Wow! Fifty blogs in fifty days! It's really kinda surprising. Today you get the story of how I was introduced to Oz and the bizarrely coincidental twist that set everything in motion.
As many of you know, in the mid 1990s I became very interested in old, old recordings from the 1903 Broadway Wizard of Oz musical and I began researching and collecting 78s, wax recording cylinders, piano rolls, and the like. The first time I ever spoke publicly about old Oz records was at the 1996 Oz convention in Louisville, Kentucky. Jane Albright, who attended my talk, told me she'd recently heard from an Oz Club member in California who had several old Oz records. Jane suggested I contact her, which I did as soon as I got home. Her name was Virginia Hawthorn. We talked on the phone and Virginia sent me a tape with a number of Oz records on it, recordings of "Sammy" from the 1903 Wizard of Oz, the Scarecrow and Tin Woodman’s "Football Song," and even a record of some of L. Frank Baum's Father Goose jingles. I quickly found out that Virginia and her husband Tom also ran one of the best vintage recording auctions. I was soon buying lots of stuff from their auctions: Very little Oz material, but lots of early 1900s pop music and vintage opera.
Well, Virginia and I became friends. We exchanged recording information on occasion. And after Eric and I moved to California, we would meet Virginia and her husband Tom a couple times a year at an old record show, or if Tom and Virginia were down in San Diego we might go to dinner.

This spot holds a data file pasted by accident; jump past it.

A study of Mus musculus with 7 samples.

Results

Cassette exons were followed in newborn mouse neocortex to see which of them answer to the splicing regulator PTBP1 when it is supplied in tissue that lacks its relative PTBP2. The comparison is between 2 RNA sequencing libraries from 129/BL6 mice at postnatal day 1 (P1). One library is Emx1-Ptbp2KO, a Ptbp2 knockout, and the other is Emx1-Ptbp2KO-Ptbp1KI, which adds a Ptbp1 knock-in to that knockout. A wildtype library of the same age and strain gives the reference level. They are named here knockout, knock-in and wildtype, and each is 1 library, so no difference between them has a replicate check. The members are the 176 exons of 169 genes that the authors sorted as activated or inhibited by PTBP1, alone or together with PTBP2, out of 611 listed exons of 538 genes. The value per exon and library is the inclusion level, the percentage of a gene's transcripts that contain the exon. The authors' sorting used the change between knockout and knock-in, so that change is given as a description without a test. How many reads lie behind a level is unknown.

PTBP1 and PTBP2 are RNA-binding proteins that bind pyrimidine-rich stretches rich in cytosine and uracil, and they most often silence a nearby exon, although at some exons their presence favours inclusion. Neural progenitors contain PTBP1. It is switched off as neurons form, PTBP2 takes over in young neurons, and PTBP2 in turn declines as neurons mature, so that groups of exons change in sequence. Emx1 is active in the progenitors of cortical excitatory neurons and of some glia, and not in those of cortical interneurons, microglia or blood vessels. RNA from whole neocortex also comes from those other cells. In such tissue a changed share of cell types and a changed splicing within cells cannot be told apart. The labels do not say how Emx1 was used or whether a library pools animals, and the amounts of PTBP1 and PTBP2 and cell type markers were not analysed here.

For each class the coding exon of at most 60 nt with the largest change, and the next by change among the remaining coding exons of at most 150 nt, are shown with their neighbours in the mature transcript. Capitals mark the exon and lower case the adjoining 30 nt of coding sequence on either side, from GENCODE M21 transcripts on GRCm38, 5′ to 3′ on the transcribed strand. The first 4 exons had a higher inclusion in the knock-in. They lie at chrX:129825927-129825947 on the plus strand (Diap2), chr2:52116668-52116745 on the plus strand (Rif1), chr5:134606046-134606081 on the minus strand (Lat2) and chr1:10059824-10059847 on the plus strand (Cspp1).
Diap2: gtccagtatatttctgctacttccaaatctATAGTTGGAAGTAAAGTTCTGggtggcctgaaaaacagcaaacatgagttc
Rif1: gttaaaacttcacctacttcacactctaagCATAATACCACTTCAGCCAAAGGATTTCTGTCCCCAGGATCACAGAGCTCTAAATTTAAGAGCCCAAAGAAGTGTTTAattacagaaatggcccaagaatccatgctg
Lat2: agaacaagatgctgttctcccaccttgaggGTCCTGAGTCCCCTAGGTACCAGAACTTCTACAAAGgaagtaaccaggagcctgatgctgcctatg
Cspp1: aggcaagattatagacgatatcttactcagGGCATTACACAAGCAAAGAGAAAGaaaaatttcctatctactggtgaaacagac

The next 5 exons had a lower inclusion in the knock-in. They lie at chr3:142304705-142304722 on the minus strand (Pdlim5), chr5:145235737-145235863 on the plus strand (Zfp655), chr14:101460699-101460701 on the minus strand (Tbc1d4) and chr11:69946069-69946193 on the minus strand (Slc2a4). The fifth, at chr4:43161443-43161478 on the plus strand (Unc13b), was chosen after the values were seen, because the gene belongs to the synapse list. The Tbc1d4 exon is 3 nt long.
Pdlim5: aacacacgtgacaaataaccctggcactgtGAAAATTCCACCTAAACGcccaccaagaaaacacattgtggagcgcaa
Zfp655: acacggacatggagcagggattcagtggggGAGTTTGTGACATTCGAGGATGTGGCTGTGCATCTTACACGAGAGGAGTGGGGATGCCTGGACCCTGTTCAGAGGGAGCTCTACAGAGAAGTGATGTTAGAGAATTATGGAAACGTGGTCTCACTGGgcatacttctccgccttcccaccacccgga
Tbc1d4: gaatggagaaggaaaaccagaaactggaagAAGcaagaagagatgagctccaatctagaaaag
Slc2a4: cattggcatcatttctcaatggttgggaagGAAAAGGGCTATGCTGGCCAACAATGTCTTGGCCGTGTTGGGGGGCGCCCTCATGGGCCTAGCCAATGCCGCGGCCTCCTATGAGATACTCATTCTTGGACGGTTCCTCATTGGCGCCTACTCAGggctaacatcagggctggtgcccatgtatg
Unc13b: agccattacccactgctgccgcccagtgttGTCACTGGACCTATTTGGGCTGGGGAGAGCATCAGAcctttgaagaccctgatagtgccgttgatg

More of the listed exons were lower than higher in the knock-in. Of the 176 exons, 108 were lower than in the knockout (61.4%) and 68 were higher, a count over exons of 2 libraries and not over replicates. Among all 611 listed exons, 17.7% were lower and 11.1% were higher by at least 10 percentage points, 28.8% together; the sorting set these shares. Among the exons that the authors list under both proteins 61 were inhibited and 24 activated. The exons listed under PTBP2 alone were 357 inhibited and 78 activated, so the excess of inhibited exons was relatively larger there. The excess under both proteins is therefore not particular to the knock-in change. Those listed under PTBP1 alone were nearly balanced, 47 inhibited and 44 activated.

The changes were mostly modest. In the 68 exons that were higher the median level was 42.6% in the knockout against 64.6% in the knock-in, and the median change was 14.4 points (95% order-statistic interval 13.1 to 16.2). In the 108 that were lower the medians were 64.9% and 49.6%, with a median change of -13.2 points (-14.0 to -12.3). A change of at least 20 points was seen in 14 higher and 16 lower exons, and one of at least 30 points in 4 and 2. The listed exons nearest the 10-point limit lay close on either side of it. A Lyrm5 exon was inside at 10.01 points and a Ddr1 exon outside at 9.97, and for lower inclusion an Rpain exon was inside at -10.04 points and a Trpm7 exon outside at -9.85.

Several years ago, Eric and I were visiting the Hawthorns at their home in Roseville, California, and as we were chatting over iced tea I mentioned that I grew up in Albuquerque. And Virginia said:
"Wow, so did I! What part of the city did you live in? Where did you go to school?"
"I went to Monte Vista, too! Who were your teachers?"
"Well," I replied, "First grade was Mrs. Flanagan, and second grade was Mrs. Strong." (shown at right)
"I had Mrs Strong, too!"
In dumbfounded amazement, I said, "You know, it was Mrs Strong who introduced me to the Oz books!" Then the stars fell into alignment, Ozma smiled, and Virginia said,
“Well, I introduced the Oz books to Mrs. Strong!"
Virginia explained to me that when she had been in Mrs. Strong's class, a generation earlier, the class had been very large. And to calm the unruly kids down after lunch Mrs. Strong would read aloud to the class. She asked for book suggestions and little Virginia quickly suggested the Oz books and even brought a few in. Oz became a tradition in Mrs. Strong's class. For twenty-five years, until her retirement, she read the Oz books aloud to a group of eager six and seven-year-olds. I was one of the lucky kids.
So, as you've just finished reading blog fifty, it's important to realize that had Virginia not introduced Mrs. Strong to the Oz books, and had Mrs. Strong not made the Oz books into a classroom tradition, and had I not been in Mrs. Strong's class, well . . . there might just be no Tiger Talk blog, or Hungry Tiger Press, and Eric Shanower might be the husband of someone else!
Special thanks to Mrs. Lena Z. Strong and Virginia Hawthorn for affecting my life so thoroughly.